Color Journal: Alcohol Inks on White

December 13, 2010

in Alcohol inks,Color journal,Glossy cardstock,Non-stick craft sheet

Alcohol Inks on Glossy Paper

(Alcohol inks on glossy paper.)


How many alcohol ink colors are there?

Ranger has added 24 new colors to their alcohol ink line – bringing the total number of alcohol inks to 52. There are 24 earth tones, 12 lights, 12 brights, and 4 metallic mixatives.

I don’t own the whole collection, but I do have quite a few! I have 15 earth tones: bottle, meadow, pesto, lettuce, denim, stream, eggplant, wild plum, slate, butterscotch, espresso, terra cotta, currant, raisin, and cranberry. I have 6 brights: citrus, pool, sail boat blue hazelnut, watermelon, and mountain rose. I have 6 lights: willow, cloudy blue, cool peri, lemonade, peach bellini, and shell pink. And, I own all four metallics (pearl, silver, gold, and copper). That brings my personal total to 31 alcohol inks.

Why do the color journal pages look different?

The image at the top of the post shows all of these colors on glossy paper. This is a special coated paper that really accepts the alcohol inks well. (It also works well with dye inks, like Distress Inks.) The image below shows the same colors on regular cardstock. Notice how different the two color journal pages look.

Alcohol Inks on regular cardstock Alcohol Inks on regular cardstock

As you can see, the alcohol inks are much more fluid and move much more on the glossy paper. They soak in much more on the regular cardstock and the colors are not as variegated as they are on the glossy paper.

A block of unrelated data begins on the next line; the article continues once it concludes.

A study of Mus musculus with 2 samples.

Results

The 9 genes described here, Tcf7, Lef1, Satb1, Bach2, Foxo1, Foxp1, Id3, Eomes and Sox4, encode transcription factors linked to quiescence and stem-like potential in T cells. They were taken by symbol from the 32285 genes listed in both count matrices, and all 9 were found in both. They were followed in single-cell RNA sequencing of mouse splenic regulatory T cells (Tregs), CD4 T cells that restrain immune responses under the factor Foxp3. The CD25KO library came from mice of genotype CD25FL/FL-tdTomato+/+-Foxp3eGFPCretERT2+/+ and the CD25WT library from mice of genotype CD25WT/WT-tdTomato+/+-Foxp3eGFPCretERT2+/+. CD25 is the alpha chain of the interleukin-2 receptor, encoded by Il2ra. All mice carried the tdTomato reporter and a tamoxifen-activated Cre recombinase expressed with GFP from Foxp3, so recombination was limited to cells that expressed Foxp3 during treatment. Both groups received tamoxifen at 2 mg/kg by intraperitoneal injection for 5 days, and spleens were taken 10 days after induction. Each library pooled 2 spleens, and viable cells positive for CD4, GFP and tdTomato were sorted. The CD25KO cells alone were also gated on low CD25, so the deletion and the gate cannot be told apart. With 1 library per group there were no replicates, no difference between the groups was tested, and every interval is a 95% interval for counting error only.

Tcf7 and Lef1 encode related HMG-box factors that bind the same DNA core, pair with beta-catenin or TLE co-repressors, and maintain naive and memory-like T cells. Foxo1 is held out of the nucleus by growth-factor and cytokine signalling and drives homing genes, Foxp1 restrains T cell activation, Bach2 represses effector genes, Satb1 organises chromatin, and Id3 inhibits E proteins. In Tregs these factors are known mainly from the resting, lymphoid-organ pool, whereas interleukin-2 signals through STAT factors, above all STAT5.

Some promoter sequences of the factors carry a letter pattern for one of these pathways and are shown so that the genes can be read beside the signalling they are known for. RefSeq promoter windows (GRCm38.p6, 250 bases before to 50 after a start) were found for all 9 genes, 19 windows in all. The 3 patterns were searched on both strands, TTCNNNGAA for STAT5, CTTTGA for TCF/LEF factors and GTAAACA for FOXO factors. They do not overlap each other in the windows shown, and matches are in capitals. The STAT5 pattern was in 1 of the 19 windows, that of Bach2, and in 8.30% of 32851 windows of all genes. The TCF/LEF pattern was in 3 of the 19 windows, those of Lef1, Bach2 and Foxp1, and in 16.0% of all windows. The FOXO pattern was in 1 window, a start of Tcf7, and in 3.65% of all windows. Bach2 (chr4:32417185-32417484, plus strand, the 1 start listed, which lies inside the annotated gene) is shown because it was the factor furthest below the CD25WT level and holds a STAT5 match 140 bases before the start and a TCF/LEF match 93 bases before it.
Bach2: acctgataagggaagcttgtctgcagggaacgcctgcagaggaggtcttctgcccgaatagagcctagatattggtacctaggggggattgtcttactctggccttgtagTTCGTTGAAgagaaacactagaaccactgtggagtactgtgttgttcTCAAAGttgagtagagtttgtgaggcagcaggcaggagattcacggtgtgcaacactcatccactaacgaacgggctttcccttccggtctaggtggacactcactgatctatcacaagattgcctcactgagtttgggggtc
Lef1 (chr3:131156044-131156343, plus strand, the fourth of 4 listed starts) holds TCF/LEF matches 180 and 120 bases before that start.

Here is a side-by-side comparison:

Alcohol Ink side-by-side comparison on glossy paper (left) and regular cardstock (right) Alcohol Ink side-by-side comparison on glossy paper (left) and regular cardstock (right)

For my color journal pages, I simply dropped one drop of ink for each color. But, normally, you would use an applicator with felt to apply alcohol inks.

You will need a non-stick craft sheet

Whether you use glossy paper or regular cardstock, the ink will soak in and possibly through your paper. Having a non-stick craft sheet is a must if you are working with alcohol inks, to protect your work surface. The alcohol inks are designed to be permanent on non-pourous surfaces – and that includes desks! It also includes glossy paper, metal, glass, and acetate.

How to remove or clean up alcohol ink

If you do get the alcohol ink somewhere you don’t want it, use the blending solution right away to lighten it or possibly remove it. You will need to have some on hand anyway, to clean the non-stick craft sheet after using it with alcohol inks. And, it can help lighten colors or blend them as you are using them.

Why create multiple color journal pages?

The reason why I created two pages for my color journal, is that the inks appear differently on different surfaces. I wanted to see how the colors look on both glossy paper and regular cardstock – so I did a color journal page for each. If you are creating your own color journal, I highly recommend making samples of your colors on each type of surface you are going to use. That way you can see exactly how your colors will appear on each surface.

New color journal tab in navigation

By the way, I’ve added a new tab to the navigation menu along the top of my blog pages, called Color Journal. That way, you can easily go back and see my other color journal entries, if you would like.

Thanks for stopping by!

{ 1 appreciated comment }

1 Anne Gaal November 8, 2011 at 10:39 am

From Sarah Wallis of on 12/14/2010: I love this Anne! Thanks for all the information. Happy Christmas too!